My third O’Reilly Open Source Conference has come and gone. Sure, it ended over a week ago, but this is the first moment I’ve had a chance to sit down to write this. Last year, I was able to spend a few hours with the free wifi at the Portland airport, but this year my flight was scheduled before 7:00 AM, so I was left with little time to write. As I have the past two years, I had a great time. It was good to see Al, Brad, and Kevin again. This year, Sam and Jonathan joined us as well. While the #oscon IRC channel has surely been vacated by now, I hope see the channel denizens again on Freenode.
About half way through the week I was accused of being a prolific blogger. Just how prolific, I wondered. So I went through the list of all of my posts prefixed with “OSCON 2008,” including this one. As it turns out, I wrote a grand total of 17,270 words. The post for Damian Conway’s Perl Worst Practices has the dubious distinction of containing the most words, at a scale-tipping 1,209. Other posts I made during the conference, but not directly related to any sessions totaled 1,608 additional words. Prolific? Perhaps.
My primary reason for writing so much about the sessions is for my own reference. These posts allow me to go back and remind myself of what I did and what I learned. I just happen to post my notes publicly, because I hope they may be useful or informative for others. In particular, anyone who couldn’t join me at OSCON. Naturally, I was a bit curious to know if anyone was actually reading my articles. So I checked.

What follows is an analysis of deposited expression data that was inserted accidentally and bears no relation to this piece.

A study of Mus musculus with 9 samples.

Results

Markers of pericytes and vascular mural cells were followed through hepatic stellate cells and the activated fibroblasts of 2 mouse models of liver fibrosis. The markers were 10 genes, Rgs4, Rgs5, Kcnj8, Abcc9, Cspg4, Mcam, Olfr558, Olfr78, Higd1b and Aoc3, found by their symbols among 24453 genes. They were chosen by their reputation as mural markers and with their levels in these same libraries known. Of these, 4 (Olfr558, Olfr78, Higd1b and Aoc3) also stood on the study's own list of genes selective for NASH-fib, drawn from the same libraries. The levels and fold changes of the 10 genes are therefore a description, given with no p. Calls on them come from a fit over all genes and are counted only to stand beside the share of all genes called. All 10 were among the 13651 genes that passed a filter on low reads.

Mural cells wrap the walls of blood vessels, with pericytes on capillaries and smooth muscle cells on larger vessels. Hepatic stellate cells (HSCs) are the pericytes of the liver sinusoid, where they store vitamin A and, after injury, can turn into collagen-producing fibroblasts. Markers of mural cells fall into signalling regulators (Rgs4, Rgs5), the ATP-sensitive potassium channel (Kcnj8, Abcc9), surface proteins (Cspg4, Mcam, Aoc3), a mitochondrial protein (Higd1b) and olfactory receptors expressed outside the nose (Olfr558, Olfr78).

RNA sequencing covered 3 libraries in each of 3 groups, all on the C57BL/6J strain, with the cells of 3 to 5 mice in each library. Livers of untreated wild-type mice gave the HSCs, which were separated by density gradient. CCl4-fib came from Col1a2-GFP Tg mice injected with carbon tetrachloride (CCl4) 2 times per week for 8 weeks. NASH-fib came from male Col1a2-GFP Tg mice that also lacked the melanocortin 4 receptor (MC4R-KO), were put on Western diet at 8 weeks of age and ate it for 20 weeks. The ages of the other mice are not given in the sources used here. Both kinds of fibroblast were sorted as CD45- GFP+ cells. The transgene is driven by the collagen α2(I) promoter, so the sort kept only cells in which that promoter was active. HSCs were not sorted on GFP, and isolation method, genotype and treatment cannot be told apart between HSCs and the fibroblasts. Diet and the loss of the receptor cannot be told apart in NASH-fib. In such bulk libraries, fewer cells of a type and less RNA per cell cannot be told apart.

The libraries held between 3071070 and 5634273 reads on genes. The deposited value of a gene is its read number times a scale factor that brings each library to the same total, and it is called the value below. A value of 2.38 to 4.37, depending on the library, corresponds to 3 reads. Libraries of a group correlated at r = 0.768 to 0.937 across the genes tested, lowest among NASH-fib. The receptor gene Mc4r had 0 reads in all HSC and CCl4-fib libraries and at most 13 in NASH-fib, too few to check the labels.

Thinking back over what I’ve written, I’m not completely pleased with the finished product. I don’t think attempting to post entries so immediately after each session is the best approach. In the end, I don’t believe I’ve done the topic or the speakers justice. Next time, I may simply take notes in preparation for a proper article after the fact. The Tuesday night keynotes, in particular, would have benefited from this treatment.
I’ve been a fan of Damian Conway since I first attended one of his talks at a San Diego Perl Mongers meeting in late 2005. Since then, I’ve been fortunate enough to see him speak at two OSCONs as well as attending his Perl training at my place of employment. There must be something about Australians, because one of the best presenters at OSCON this year was Paul Fenwick, also from Down Under. I highly recommend them both. Entertaining and educational, a far too uncommon combination.
This year I found that I wasn’t as excited about OSCON as I have been in the past. It’s been more than just this past week, too. A lot of things that once brought me joy have left me feeling empty. I didn’t know why, and assumed that I was simply too busy, trying to juggle too many balls again. I was wrong, though.
Near the end of the Perl Worst Practices tutorial, Dr. Conway was asked how he became so proficient at what he does. In response he asked who in the room practiced martial arts. No one in front of me raised their hand, but I suspect at least one person behind me, in addition to myself, raised their hand. Disappointed, he cycled through a couple other sports (cycling and tennis, I think) until he received a reasonable response. The point, of course, was that, like these sports, programming requires passion and should be practiced every day.
That’s when it hit me. I don’t write code every day anymore. I’ve been writing code as long as I can remember. My first Hello World was written in BASIC at the tender age of four. Lately, I haven’t spent any time at all writing code. I’ve been waking up early, working long hours, going to bed early, and spending what free time I have left with my pregnant wife. That has to change. So now I’m back to staying up late, doing more work from home, and stealing moments to write code; even if it’s just a few lines. I’m also working on a talk I plan on presenting to my coworkers and would also like to give at SCALE 7x next year.
Conferences are not always about the tutorials or the sessions. Sure, they offer plenty of opportunities to learn something new, but that’s almost a complement to the main event. It’s about networking with our peers. Most importantly, it’s about revitalization. My annual pilgrimage to Portland replenishes my spirit. I return refreshed and full of creative energy. The trick is maintaining the momentum.